A participant in Wells Fargo’s 401k plan filed a proposed class action suit last week (Oct. 7), accusing the bank of allowing employees to continue investing their retirement savings in company stock despite knowing the price was artificially inflated due to the now-uncovered cross-selling scheme.
Roughly one-third — $12 billion – of Wells Fargo’s 401k assets are invested in its own stock.
Wells Fargo has dominated headlines this month after it was discovered its commercial banking unit was engaging in a cross-selling scheme in which customers were signed up for unauthorized accounts and products.
Since the news broke, of course, the stock has taken a 10% hit.
Does the suit have a chance? Bloomberg BNA explores:
According to the complaint, Wells Fargo’s stock price nearly doubled during the six-year period of increased cross-selling, before dropping in value once news of the scheme broke.
If recent court rulings are any indication, Wells Fargo plan participant Francesca Allen may face an uphill battle in her attempt to hold the company liable under ERISA. In the past month alone, courts have rejected similar challenges against BP Plc, Whole Foods Corp. and RadioShack Corp. In all three cases, the courts found that employees failed to overcome the high bar recently set by the U.S. Supreme Court for cases challenging stock losses under ERISA.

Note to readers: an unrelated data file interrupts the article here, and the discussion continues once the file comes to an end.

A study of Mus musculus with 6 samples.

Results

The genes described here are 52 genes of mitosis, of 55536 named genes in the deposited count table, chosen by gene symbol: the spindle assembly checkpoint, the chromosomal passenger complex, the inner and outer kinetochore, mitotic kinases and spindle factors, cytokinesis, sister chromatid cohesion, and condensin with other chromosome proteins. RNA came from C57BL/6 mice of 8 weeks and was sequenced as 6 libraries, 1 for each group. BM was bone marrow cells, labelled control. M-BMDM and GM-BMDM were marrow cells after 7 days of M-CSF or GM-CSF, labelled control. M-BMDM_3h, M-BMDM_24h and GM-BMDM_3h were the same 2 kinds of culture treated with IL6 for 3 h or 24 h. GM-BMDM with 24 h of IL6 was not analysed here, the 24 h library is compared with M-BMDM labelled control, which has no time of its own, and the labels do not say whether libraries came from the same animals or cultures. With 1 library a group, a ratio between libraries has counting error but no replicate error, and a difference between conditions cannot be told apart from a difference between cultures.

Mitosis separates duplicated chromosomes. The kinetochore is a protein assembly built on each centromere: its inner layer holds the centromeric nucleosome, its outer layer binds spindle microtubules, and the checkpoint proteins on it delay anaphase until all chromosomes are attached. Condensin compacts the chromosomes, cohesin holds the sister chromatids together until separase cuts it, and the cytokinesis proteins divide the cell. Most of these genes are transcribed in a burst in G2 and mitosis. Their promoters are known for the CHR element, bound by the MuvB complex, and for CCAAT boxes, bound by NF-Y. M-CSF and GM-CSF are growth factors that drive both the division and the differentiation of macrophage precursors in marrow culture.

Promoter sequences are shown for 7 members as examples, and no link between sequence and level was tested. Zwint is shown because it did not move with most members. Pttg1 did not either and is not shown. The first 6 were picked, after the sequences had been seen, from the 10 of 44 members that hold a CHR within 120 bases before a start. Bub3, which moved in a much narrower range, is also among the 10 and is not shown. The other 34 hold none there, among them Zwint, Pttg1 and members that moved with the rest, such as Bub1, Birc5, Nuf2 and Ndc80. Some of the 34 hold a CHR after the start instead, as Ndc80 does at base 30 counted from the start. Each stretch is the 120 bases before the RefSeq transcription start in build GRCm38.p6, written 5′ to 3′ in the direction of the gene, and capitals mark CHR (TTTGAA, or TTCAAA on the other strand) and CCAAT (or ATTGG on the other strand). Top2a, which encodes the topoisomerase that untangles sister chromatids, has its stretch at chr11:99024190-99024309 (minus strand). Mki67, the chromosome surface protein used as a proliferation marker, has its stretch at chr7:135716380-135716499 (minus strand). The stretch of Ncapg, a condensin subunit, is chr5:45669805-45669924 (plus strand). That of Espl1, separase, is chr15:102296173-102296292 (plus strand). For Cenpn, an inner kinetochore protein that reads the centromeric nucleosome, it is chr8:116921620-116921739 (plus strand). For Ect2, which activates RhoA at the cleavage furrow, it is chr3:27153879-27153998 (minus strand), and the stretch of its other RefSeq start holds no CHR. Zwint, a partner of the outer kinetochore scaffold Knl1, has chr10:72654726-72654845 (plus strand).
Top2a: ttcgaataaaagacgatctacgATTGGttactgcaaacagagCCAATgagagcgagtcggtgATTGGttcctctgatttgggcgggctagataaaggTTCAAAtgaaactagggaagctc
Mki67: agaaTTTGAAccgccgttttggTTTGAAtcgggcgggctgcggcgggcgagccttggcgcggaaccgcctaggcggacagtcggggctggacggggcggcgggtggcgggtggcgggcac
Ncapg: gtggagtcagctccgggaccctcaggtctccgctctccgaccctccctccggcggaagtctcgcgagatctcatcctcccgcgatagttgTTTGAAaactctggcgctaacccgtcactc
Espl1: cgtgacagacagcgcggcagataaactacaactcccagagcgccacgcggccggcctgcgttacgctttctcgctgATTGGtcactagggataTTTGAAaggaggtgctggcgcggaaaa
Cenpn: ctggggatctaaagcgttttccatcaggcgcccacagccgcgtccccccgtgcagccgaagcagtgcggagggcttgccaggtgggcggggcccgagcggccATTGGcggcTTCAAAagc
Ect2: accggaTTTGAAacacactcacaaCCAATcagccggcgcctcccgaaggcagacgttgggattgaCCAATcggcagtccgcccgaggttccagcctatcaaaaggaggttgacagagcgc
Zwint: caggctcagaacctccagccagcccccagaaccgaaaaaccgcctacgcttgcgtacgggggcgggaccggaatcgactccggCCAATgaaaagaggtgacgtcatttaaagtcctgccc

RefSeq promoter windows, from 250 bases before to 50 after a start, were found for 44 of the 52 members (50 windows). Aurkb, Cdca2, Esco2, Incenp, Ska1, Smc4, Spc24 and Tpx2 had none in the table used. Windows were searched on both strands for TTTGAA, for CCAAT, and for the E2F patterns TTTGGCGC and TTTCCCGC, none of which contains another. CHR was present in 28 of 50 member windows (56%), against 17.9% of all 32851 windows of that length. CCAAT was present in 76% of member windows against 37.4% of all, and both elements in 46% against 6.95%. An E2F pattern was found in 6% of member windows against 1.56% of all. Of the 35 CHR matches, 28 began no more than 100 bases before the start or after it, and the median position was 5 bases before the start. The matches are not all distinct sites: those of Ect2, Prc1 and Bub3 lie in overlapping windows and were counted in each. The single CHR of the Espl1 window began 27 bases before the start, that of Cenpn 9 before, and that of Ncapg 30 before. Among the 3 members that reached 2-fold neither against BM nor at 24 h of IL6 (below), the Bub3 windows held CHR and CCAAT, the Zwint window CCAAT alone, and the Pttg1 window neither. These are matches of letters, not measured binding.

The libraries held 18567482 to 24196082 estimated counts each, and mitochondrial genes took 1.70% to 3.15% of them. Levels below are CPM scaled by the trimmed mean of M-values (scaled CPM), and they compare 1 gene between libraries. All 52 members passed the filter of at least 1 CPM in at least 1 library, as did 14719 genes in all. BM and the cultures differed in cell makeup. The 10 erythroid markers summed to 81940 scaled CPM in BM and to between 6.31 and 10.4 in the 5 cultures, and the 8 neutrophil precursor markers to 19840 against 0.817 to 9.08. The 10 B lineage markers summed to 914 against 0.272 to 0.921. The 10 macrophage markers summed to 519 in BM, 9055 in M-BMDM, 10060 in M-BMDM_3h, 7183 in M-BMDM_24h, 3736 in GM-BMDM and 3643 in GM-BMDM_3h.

This most recent suit seeks to hold Wells Fargo liable for losses suffered by as many as 350,000 participants in the company’s 401(k) plan, which holds assets of about $35 billion. In addition to regulatory fines and stock losses, the complaint asserts that the company’s alleged misdeeds have led to significant lost business and “untold reputational damage.”
The Supreme Court ruling mentioned above is FIFTH THIRD BANCORP ET AL.v. DUDENHOEFFER ET AL., which removed one set of guidelines for stock-drop cases like this one, and imposed another. But the new guidelines aren’t turning out to be any more plaintiff-friendly than the last.
Pensions & Investments explains:
The guidelines in a landmark Supreme Court ruling on stock-drop cases are turning out to be almost as tough on plaintiffs as the standard the court nullified.
In that ruling, the Supreme Court nullified a defense known as the “presumption of prudence,” which was based on a 1995 Philadelphia federal appeals court ruling. This defense enabled sponsors to convince most judges that lawsuits should be dismissed at the initial pleading stage rather than at the trial stage. In doing so, companies avoided the heavy expenses of pretrial discovery and/or the trial itself.
In its place, the court issued guidance to lower courts to determine whether they should accept or dismiss a stock-drop case based on fiduciaries’ administering company stock funds in defined contribution plans. So far, ERISA attorneys say, the ruling appears to have been stricter than originally believed.
The Dudenhoeffer ruling “certainly has caused the plaintiffs to think twice and be more conservative in their decisions” to sue sponsors, said Nancy Ross, a partner at Mayer Brown, Chicago.